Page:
9 things you need to know about the Porsche 918 Spyder
Want to know what it’s like to drive a Porsche 918 Spyder? I was lucky enough to attend a training session in Spain where we spent two days learning about it in-depth, including time spent behind the wheel on a track – one that I’d never driven on before.
Several months on, it’s a car that I can’t stop thinking about or talking about. Here are the most interesting things about the car – and what you’d likely be most curious about.
1. Perhaps the biggest and most pleasant surprise was that it felt like, well, a car. Despite the space-rocket levels of technology in it, it didn’t feel alien or unfamiliar to drive as it juggled between gasoline and electric, as it managed regenerative and friction braking, as it juggled power around between the wheels and steered the rears. In some ways, it feels like an 887-hp Cayman, which in my mind is a great compliment.
2. It’s a lot friendlier than I was expecting, too, given the massive power and torque (900+ lb-ft!). Handling is terrifically forgiving, thanks to the massively sticky Pilot Sport Cup 2 tires, a surprisingly smooth and flat ride, and incredible stability.
3. The best way to describe the power delivery? If a turbocharged engine builds like a gathering storm, this is like a flash flood: instantaneous and massive power everywhere. But it’s still linear. With seamless shifts from the PDK, the electric motors filling in the low end torque and massive power as you rev to 9,000, it would, in fact, be a bit anticlimactic were it not for the amazing noise the V8 makes as it comes on song. Thankfully, the tailpipes are pretty close to your ears.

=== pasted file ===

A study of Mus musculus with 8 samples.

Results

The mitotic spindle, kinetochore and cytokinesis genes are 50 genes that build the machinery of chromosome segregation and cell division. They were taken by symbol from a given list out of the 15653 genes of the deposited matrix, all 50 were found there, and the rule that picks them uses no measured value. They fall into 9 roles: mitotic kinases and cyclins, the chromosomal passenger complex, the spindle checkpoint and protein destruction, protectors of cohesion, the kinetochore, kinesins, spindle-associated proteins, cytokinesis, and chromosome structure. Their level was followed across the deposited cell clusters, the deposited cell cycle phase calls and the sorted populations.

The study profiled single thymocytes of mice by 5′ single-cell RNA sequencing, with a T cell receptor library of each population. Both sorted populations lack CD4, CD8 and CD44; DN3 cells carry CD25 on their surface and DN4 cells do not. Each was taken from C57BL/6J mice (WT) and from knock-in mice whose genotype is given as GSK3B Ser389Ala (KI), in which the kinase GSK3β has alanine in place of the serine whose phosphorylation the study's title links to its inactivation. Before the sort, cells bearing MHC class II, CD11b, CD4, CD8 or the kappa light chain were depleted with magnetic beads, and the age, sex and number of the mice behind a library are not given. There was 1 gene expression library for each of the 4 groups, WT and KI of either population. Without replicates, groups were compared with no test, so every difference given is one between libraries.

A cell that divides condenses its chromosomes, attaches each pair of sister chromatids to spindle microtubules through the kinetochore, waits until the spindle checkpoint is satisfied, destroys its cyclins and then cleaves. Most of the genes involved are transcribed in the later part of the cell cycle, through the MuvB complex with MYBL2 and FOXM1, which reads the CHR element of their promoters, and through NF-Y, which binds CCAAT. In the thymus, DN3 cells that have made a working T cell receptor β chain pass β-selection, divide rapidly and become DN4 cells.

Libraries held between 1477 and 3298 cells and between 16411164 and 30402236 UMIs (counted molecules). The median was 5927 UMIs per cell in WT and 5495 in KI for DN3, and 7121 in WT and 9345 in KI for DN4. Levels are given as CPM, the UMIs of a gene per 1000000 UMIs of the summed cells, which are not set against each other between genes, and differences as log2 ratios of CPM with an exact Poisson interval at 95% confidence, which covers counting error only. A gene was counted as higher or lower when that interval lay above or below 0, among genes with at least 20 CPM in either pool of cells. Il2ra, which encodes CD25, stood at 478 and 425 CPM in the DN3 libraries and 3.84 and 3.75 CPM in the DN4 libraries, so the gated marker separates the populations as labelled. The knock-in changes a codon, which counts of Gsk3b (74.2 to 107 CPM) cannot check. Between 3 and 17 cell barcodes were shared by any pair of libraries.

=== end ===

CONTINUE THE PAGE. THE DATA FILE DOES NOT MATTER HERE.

4. Before driving the 918, I drove a few laps of the track in a 991 Turbo S, playing follow-the-leader with our instructor. It’s also a hugely powerful all-wheel drive car, like the 918. But it was, in comparison, a lot more work. There’s the turbocharged power delivery to plan around, for one thing; there’s more pitch and roll; and, surprisingly, you actually feel the rear-steer effect in it.
5. The 918’s steering is beautiful. The tires grip, grip, and grip. Sometimes it doesn’t seem that fast around corners because it’s so secure; throw it into a turn at pretty much any speed and it goes right where you want. Then you steal a quick look down at the speedo, see how fast you’re going, and look up and realize, popping out onto the next straight, that you’re about to drive up the ass of the GT3 that’s leading you around the circuit.
6. Some criticism has been leveled at the car’s brake feel being inconsistent between regen and friction. I don’t think it actually has to do with feel. It does have to do with sound. When regenerating under braking, the 918 makes a funny sound – kind of Jetson-y. When it transitions to the ceramics, the sound changes. Pedal feel seemed the same to me, but the overall effect did change, because of the acoustics. Of course it stops on a dime.
7. Like any carbon-bodied car – and particularly one without much sound insulation – you hear everything. It’s not exactly quiet inside, even with the roof on. But the engine noise quickly drowns out pretty much everything. This is not a bad thing.
8. Do I have complaints? Minor ones. The A-pillars are in just the wrong place for me (I sit way forward) – it’s hard to look around left-hand turns at speed. Most 918 buyers will be taller. Rear visibility is pretty horrible. The roof panels eat up most of the trunk space. It’ll cost a lot to fix if you break it (the mesh cover over the engine and exhausts costs more to make than a Panamera body!). And I can’t afford one.
9. People keep comparing the 918 to the Carrera GT. It’s not like the GT at all. The GT was high-tech, but stripped down, willfully minimalist. The better comparison is to the 959 – a car so far ahead of its time, some of its features (height adjustable suspension) still aren’t common on today’s sports cars. The science in this car is sci-fi-grade stuff, things you’ll see trickle down to regular vehicles over decades, not years. What a thing.